If you hate patent warfare, this news will not be making you happy.

Nasdaq-listed Openwave Systems, which claims it invented the mobile Internet, this morning announced that it has sold its software products businesses to investment firm Marlin Equity Partners so it can ‘focus on its intellectual property’.

Openwave sold its two carrier software products businesses, Mediation and Messaging, to Marlin for an undisclosed sum. Marlin will rename the businesses Openwave Mobility and Openwave Messaging, respectively.

Openwave, meanwhile, will remain publicly traded under another name, Unwired Planet (on a sidenote: this is what the company was also called back in 1996). The company plans to provide further details on its plans in conjunction with its third quarter of fiscal 2012 financial results conference call.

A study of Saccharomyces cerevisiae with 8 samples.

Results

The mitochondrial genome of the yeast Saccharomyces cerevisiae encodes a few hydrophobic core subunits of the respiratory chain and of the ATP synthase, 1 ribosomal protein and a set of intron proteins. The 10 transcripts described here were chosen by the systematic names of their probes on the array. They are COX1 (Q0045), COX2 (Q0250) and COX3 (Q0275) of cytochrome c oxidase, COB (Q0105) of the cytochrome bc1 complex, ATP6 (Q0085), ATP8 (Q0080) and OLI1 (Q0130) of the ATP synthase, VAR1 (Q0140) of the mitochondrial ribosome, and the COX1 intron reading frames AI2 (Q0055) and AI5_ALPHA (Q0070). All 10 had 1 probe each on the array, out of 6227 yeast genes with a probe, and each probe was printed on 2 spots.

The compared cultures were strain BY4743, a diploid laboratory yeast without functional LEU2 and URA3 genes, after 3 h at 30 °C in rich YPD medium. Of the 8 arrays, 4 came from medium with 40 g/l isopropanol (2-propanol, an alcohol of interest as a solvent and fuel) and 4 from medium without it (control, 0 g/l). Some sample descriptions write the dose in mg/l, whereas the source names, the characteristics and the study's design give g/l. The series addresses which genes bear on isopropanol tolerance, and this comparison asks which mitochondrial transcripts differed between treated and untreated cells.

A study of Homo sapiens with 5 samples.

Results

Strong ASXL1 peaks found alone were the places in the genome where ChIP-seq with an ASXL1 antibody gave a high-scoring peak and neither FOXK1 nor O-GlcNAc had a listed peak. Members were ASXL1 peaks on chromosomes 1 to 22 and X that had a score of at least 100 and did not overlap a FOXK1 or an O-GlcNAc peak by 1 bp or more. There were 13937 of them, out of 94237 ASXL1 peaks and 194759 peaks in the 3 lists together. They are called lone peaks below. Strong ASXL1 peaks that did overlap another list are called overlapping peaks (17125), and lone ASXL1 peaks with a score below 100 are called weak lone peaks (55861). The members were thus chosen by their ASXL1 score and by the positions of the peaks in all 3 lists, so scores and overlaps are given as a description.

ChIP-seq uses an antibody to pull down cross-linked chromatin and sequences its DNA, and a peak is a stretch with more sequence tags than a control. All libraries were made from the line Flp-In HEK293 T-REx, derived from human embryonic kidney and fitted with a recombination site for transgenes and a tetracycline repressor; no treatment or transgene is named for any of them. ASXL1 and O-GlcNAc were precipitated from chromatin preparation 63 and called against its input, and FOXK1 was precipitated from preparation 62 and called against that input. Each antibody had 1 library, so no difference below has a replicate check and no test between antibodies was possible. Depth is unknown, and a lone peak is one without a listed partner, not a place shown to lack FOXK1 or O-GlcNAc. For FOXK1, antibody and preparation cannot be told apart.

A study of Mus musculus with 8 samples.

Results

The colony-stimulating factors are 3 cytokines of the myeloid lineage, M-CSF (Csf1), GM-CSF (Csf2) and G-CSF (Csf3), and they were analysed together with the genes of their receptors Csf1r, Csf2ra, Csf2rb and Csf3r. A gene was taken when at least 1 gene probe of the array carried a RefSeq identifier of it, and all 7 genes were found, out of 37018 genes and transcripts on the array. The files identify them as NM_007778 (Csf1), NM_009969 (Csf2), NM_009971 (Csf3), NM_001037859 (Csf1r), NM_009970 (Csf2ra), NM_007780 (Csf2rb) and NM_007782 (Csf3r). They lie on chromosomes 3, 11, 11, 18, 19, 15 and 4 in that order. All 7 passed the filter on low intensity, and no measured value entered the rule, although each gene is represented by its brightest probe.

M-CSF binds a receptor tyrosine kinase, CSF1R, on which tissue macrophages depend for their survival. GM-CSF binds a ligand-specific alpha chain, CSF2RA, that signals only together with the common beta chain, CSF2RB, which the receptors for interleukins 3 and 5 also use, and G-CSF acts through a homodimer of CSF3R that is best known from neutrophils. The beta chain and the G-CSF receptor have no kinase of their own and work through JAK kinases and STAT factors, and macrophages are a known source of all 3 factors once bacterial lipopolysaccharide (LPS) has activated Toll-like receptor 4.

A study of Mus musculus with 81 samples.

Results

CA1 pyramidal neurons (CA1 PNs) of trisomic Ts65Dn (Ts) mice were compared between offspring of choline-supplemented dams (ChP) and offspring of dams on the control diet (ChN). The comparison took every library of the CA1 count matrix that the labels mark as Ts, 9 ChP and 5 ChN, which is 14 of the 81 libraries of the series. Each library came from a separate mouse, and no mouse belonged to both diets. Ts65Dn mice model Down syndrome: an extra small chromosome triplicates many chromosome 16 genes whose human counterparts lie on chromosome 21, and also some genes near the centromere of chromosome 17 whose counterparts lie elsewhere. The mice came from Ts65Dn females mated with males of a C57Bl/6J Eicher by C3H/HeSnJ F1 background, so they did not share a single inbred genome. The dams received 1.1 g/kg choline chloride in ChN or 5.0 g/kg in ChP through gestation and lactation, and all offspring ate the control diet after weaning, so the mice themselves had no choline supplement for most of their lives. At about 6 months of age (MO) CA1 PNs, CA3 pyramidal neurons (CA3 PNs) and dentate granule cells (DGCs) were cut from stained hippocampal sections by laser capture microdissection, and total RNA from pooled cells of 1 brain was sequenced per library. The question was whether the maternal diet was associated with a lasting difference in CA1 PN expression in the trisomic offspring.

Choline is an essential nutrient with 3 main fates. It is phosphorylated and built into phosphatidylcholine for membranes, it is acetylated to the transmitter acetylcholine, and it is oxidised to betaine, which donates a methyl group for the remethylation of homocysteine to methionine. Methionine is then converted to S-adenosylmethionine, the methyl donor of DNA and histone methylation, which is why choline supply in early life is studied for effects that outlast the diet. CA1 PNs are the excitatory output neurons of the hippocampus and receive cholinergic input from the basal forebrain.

It recently sold off its location business to a subsidiary of Persistent Systems.

Openwave’s patent portfolio is relatively small but arguably very valuable, especially these days: it is comprised of approximately 200 issued US and foreign patents and another 75-or-so pending applications, many of which it says are considered foundational to mobile communications and cloud technologies.

Last year, the company filed a complaint with the ITC against Apple and Research In Motion to block the former from importing the iPhone, iPod touch, and iPad into the United States, and RIM from doing the same with its BlackBerry Curve smartphone and BlackBerry PlayBook tablet.

In November 2011, Openwave reached the first agreement with a company to license its sizeable patent portfolio. That first client was Microsoft.

Openwave recently announced that revenues for the second fiscal quarter ended December 31, 2011 were $35.9 million. Bookings for the quarter were $20.4 million.